HOBOKEN, N.J. (CBSNewYork) — As if the crowds and the delays weren’t enough, NJ TRANSIT riders are now being hit with another inconvenience on their commutes.
Starting Sunday, the agency is making service changes on multiple branches as it installs federally mandated positive train control (PTC) hardware on its trains.
Eighteen trains will be suspended for three months as crews finish the process of installing PTC.
The emergency braking system is now required by the federal government and NJ TRANSIT is facing a Dec. 31 deadline to comply with the mandate.
Three northeast corridor and two north Jersey coast line trains are being canceled as part of the service changes. Even more distressing to commuters, more than a dozen peak routes to Hoboken are temporarily being scrapped.
“No way to run a railroad. It really isn’t,” frustrated commuter Tom Albi told CBS2’s Janelle Burrell.
“We need more trains. We need to get places,” Hoboken rider Ernesto Rodriguez told CBS2’s Dave Carlin.
NJ TRANSIT officials say the cars are being equipped with new computers, speed sensors, and other PTC gear by trained installers and techs.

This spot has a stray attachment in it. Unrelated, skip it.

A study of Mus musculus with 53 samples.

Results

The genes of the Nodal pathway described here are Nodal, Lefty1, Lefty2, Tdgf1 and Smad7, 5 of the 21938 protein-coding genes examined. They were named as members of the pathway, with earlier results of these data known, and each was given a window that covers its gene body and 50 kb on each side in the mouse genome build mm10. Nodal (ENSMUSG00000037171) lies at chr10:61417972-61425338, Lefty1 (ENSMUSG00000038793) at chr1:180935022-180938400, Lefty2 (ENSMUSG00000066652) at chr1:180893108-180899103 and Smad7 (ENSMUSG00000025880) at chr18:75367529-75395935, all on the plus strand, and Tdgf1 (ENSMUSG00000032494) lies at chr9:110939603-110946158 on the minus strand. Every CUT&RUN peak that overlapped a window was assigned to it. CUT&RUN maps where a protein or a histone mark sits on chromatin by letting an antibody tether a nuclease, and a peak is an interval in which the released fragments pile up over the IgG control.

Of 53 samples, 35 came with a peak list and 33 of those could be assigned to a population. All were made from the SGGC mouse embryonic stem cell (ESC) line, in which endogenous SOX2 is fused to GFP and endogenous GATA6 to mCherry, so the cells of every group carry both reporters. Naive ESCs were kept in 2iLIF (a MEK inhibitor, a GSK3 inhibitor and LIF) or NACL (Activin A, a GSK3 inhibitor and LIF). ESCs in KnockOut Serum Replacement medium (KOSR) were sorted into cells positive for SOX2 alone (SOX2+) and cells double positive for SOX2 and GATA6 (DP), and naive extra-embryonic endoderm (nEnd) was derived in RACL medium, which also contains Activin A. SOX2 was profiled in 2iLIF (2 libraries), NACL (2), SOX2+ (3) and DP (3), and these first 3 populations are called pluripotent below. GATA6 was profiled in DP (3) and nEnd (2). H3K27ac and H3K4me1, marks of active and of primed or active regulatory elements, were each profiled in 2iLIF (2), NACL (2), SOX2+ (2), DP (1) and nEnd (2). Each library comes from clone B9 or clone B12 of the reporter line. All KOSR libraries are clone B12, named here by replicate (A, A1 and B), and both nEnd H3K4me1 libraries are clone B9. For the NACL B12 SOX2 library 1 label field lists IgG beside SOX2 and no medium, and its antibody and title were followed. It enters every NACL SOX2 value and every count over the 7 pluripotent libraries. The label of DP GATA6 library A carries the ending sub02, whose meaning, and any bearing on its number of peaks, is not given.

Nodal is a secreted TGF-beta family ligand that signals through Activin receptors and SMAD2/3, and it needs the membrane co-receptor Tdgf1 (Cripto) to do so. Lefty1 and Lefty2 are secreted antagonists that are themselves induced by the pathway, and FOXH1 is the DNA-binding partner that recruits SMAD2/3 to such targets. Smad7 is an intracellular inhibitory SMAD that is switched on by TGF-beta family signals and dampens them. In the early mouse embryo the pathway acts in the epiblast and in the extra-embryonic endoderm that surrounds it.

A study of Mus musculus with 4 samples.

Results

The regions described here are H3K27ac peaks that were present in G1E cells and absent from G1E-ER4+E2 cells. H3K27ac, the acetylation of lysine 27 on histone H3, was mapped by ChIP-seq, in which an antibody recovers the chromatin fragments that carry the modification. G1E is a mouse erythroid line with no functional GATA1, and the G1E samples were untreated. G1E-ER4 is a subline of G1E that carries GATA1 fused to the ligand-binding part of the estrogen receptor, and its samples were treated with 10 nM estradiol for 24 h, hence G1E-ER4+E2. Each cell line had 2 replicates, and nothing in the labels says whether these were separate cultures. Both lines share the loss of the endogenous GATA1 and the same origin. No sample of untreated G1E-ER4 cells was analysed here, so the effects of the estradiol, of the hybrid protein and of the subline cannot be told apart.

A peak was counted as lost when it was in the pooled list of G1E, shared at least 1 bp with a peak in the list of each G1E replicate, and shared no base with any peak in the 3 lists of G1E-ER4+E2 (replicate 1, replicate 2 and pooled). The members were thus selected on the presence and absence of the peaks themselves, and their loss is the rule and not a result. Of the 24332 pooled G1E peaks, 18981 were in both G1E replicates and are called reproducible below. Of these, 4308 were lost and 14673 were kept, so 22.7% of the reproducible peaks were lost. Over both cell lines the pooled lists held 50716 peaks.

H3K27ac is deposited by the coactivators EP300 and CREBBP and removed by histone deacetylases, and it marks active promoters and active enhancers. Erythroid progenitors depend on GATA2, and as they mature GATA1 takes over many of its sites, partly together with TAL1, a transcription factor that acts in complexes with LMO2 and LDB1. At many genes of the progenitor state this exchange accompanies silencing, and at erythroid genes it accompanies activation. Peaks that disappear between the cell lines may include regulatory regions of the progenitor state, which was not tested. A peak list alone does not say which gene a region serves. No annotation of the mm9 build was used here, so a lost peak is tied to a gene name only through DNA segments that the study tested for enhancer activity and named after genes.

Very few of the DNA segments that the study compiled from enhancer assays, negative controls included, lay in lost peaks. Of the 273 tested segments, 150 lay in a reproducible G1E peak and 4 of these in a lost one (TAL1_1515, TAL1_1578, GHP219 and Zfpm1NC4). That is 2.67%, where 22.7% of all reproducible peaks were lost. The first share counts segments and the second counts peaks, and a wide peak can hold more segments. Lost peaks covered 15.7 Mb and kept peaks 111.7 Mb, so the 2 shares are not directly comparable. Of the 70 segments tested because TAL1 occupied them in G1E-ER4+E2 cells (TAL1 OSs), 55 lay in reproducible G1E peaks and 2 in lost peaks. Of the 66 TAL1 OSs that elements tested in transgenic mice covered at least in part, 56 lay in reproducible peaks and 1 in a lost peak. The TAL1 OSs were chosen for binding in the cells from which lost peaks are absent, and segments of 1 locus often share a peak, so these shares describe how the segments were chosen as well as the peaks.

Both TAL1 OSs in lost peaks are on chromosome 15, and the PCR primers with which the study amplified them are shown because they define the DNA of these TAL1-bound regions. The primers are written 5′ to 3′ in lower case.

Last month, transit officials took CBS2 behind the scenes to show how much work needed to be done with their aging fleet.
“Some of our vehicles date back to the 1960s and 1970s and we’re installing new computer systems on these vehicles,” one NJ TRANSIT worker said.
To offset the pain of the service cuts, NJ TRANSIT is discounting fares by 10 percent for November, December and January.
“I mean, it’s something. Every little bit helps, I guess,” Rodriguez said.
Despite the lower prices, fewer trains will mean more crowded trains and more frustrated customers. Ready or not, the embattled transit agency’s changes will be put right to the test during the Monday morning rush.
Now forced to deal with different train times is Ridgewood resident Judy Scott, who works in a Midtown financial office.
“They took two of my morning commuter trains (off) the schedule, which is totally ridiculous. It means I have to adjust the schedule,” Scott told CBS2’s Carlin.
Checking out NJ TRANSIT alerts on the board inside the Hoboken terminal, she said she hopes her new routine works, but expects Monday morning confusion.
“Possibly, people are going to be on the platform waiting for a train that’s not going to come,” Scott said.
Still, she and others want PTC because they remember how the lack of it was cited as a factor in 2016’s crash inside Hoboken terminal that killed one and injured more than 100 others.
“I do understand there are things you got to do to take care of the situation,” said Chris Blackwood of Washington, New Jersey.
For more information on the latest service changes, click here.